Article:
Expression ‘without making inquiries or verification’ in Section 263 to be read in conjunction with the words ‘which should have been made’.
ABCAUS Case Law Citation
ABCAUS 3602 (2022) (06) ITAT
The Appellant/Assessee had challenged the Order passed by the Principal Commissioner of Income Tax (PCIT) under Section 263 of the Income Tax Act, 1961 (the Act).
The case of the Assessee was selected for limited scrutiny on the issue of genuineness of sundry creditors and whether receipts/turnover had been correctly offered to tax. A notice under Section 143(2) and 142(1) of the Act along with a questionnaire were issued to the Assessee. The Assessing Officer completed the assessment under Section 143(3) of the Act and accepted the returned income.
Subsequently, on examination of the assessment records, the PCIT noticed that the Appellant had claimed credit of entire amount of tax deducted at source without offering entire amount of Receipts.
According to the PCIT, the aforesaid facts were not considered by the Assessing Officer while passing the Assessment Order. Accordingly, a show-cause notice under Section 263(1) of the Act was issued to the Appellant.
In response to the same, the Appellant filed written submission. However, the PCIT not being satisfied with the explanations and submissions of the Appellant passed order under Section 263 of the Act setting aside the Assessment Order by invoking the provisions of the Clause (a) of Explanation 2 to Section 263 of the Act on the ground that the Assessing Officer had failed to carry out necessary inquiry or verification before passing the Assessment Order.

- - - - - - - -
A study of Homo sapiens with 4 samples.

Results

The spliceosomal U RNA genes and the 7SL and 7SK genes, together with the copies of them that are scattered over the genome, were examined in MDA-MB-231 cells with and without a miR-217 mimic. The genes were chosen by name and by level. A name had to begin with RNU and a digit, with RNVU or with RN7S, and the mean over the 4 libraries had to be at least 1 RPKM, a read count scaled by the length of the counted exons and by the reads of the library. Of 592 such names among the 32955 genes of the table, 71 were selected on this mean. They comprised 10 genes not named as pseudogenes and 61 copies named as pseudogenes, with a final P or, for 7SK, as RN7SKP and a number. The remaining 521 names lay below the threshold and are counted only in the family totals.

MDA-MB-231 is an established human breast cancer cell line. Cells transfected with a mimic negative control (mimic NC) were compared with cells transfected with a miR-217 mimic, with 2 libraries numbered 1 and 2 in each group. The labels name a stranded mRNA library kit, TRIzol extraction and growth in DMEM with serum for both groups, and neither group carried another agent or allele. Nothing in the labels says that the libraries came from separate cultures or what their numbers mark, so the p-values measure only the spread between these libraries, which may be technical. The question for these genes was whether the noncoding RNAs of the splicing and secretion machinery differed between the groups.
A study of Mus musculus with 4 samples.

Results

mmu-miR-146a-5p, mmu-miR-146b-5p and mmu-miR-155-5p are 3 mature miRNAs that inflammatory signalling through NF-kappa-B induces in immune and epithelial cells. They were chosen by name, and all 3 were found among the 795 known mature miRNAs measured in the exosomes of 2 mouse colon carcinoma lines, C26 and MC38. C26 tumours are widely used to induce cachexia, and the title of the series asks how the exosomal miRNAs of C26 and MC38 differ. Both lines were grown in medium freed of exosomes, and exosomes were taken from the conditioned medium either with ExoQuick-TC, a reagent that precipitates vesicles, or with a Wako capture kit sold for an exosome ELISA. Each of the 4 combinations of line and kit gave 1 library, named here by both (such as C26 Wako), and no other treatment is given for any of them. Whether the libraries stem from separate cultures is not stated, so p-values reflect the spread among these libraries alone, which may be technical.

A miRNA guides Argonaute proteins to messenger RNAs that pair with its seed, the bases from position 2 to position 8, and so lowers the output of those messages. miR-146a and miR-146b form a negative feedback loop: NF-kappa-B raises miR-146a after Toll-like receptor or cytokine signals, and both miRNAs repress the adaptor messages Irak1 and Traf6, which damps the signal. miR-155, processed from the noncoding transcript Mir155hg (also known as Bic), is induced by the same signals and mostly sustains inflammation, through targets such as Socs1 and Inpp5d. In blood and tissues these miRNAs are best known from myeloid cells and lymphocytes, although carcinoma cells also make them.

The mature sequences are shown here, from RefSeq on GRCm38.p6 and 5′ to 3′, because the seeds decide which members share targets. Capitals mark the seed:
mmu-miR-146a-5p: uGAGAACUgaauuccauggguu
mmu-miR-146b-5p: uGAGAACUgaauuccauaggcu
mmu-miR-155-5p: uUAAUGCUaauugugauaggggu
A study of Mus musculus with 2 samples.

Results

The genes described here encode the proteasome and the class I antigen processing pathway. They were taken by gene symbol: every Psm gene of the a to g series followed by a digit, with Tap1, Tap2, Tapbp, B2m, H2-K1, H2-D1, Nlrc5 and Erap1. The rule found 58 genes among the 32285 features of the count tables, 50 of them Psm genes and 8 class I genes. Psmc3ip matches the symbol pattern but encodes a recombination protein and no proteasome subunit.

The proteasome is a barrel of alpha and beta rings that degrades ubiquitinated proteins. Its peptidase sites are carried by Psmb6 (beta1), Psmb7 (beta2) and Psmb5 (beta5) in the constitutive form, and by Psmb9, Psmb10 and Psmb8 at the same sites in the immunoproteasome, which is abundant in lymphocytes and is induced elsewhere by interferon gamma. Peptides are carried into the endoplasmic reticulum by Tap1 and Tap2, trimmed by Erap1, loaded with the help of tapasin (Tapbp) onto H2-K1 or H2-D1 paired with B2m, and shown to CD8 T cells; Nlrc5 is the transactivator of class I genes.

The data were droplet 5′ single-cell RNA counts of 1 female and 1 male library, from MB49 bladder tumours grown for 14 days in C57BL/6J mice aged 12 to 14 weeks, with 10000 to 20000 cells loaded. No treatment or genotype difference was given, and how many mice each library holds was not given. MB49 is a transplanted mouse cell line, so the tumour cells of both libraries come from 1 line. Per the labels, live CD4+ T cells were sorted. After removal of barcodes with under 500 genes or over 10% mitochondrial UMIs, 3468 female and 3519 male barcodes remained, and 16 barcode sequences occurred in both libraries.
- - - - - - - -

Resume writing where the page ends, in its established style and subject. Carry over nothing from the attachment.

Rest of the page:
The Tribunal observed that the Assessing Officer had merely asked for age-wise details, and balance confirmation in relation to the sundry creditors. Though the Appellant had provided the said information/ documents during the assessment proceedings, however, but the same were not sufficient to enable the Assessing Officer to verify the genuineness of sundry creditors.
Similarly, the statement of Reconciliation of 26AS filed by the Appellant was also not sufficient to show that the receipts had been offered to tax correctly.
The Tribunal opined that clearly, the Assessing Officer had not undertaken necessary inquires/verification during assessment proceedings. The Assessment Order was also silent on said issues and therefore, did not support the contentions of the assessee that the Assessing Officer had carried out all the inquiries/verifications during the assessment proceedings and therefore, it could not be said that the Assessment Order had been passed without making inquiries.
The assessee had relied on the expression ‘without making inquiries’ used in Clause (a) of Explanation 2 to Section 263 of the Act. It was submitted that admittedly, according to the PCIT inquiries were conducted, however, the same were found to be insufficient. Therefore, since the Assessment Order had not been passed ‘without making inquiries’ provisions of Clause (a) of Explanation 2 to Section 263 are not attracted.
The Tribunal was not convinced to accept the above contention and opined that the expression ‘without making inquiries or verification’ used in Clause (a) of Explanation 2 to Section 263 of the Act, has to be read in conjunction with the words that follow this expression ‘which should have been made’.
The Tribunal held that in the instant case, the Assessing Officer had failed to carry out necessary inquiries and verification in relation to the issues identified for limited scrutiny which should have been made in the facts and circumstances of the case.
Accordingly, the Tribunal upheld the order passed by the PCIT under Section 263 of the Act.